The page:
Dennis Wasser, an attorney for Jamie, says, 'If this trial continues … I don't think there's any hope for the family or the Dodgers.'

January 25, 2011|By Bill Shaikin
  • Frank McCourt and Jamie McCourt may have to become business partners if they want to keep the Dodgers in the family.
Frank McCourt and Jamie McCourt may have to become business partners if… (Spencer Weiner / Los Angeles…)

Frank McCourt might have to become business partners with his ex-wife in order to keep the Dodgers in the family, her attorneys said Tuesday.

With the Dodgers set to report to spring training in three weeks, the legal battle to determine who owns the team is about to envelop a second season.

After a procedural court hearing Tuesday, attorneys for Jamie McCourt said they would soon assert what they said were her rights as co-owner of the team.

"That is not to say she is going to appear on the first day of the season and say, 'I'm here; I'm firing people,' " her attorney Dennis Wasser said.

Instead, in trying to assure her interest in the value of the team is protected, Jamie is likely to ask for the Dodgers' most recent financial results and projections, including information on discussions with Fox for a new television deal.

Jamie bases her claim to co-ownership on the decision by Los Angeles Superior Court Judge Scott Gordon to throw out an agreement that would have granted Frank sole ownership of the team.

Sorrell Trope, an attorney for Frank, said Jamie is not a co-owner. Trope said Gordon's decision was limited to the validity of the agreement and that Frank would continue to own and run the team until another trial could determine whether the team is community property.

Trope said Frank would soon decide whether to appeal Gordon's decision or proceed directly to that new trial. Wasser said such a trial might not start before spring training opens — in 2012.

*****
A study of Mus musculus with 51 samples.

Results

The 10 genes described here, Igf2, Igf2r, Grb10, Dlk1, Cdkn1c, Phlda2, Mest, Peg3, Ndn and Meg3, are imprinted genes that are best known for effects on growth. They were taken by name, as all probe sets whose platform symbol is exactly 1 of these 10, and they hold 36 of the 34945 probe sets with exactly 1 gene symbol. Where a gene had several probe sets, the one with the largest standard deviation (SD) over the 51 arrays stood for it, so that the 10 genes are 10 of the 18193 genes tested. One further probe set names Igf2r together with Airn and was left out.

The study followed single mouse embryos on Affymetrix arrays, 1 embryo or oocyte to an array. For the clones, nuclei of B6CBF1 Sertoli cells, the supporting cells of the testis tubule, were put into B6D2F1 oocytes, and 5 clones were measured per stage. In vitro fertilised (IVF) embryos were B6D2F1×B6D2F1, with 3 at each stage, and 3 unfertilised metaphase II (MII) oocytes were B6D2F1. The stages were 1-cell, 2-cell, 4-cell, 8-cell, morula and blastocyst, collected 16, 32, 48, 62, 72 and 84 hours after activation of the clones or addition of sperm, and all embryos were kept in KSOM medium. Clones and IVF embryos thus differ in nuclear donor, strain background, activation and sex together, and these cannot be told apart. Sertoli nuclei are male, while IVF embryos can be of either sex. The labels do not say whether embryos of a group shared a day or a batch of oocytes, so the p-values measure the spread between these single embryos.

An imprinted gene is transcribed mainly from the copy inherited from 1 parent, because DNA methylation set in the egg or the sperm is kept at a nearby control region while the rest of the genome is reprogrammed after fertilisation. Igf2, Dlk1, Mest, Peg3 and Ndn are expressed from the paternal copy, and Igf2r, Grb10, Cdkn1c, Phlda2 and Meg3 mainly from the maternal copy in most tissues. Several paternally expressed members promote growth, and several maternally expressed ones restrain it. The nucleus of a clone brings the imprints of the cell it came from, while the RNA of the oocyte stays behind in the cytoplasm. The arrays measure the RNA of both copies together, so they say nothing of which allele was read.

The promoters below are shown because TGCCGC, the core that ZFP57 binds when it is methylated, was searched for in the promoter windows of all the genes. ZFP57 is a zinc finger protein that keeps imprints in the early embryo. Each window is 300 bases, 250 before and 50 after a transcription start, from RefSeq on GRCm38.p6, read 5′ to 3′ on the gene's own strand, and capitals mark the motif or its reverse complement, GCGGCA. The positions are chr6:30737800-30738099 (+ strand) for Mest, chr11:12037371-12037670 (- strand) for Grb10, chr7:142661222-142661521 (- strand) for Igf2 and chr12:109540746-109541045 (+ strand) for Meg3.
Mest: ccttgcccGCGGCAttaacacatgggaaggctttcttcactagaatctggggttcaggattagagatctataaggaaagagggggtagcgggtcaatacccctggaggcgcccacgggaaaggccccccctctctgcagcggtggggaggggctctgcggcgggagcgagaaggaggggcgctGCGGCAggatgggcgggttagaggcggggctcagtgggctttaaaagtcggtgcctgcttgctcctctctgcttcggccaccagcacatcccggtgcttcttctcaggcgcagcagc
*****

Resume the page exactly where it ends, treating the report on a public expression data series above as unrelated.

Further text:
"You're not going to see the McCourts in trial for at least a year, and probably more," he said.

The sides have not held settlement negotiations since Gordon issued his ruling Dec. 7.

Wasser said Frank and Jamie might have to agree to work together — as co-owners, perhaps with additional investors — in order to keep the Dodgers in the family.

"If this trial continues … I don't think there's any hope for the family or the Dodgers," Wasser said.

Steve Sugerman, spokesman for Frank McCourt, declined to respond to that comment.

Trope could not say whether Frank might consider working with Jamie. In an August interview, another attorney for Frank ruled out that possibility.

"Frank does not want to become business partners with his former wife," attorney Steve Susman said then.

A joint venture between the McCourts would relieve Frank of an immediate obligation to buy out Jamie, but such an agreement would not ease the Dodgers' stiff debt load.

The Dodgers have taken a cash advance from Fox to pay current operating expenses. Frank met with Major League Baseball officials this month to outline his financial plan, but he did not receive assurances of support. Commissioner Bud Selig has the right to veto any television deal or new investors in the Dodgers.

Trope declined to discuss whether Frank could continue to fund the Dodgers through what could be additional years of litigation.

"I don't get involved in his pocketbook," Trope said.

David Boies, an attorney for Jamie, said the prospect of MLB intervention could trigger the resumption of settlement talks. Boies acknowledged that a partnership between the McCourts to operate the Dodgers — so that their four sons might someday run the team — might not be a popular resolution for MLB or fans.

"The thing that would be best for Frank and Jamie and their children, in my opinion, isn't necessarily the best for Los Angeles and for the Dodgers," Boies said.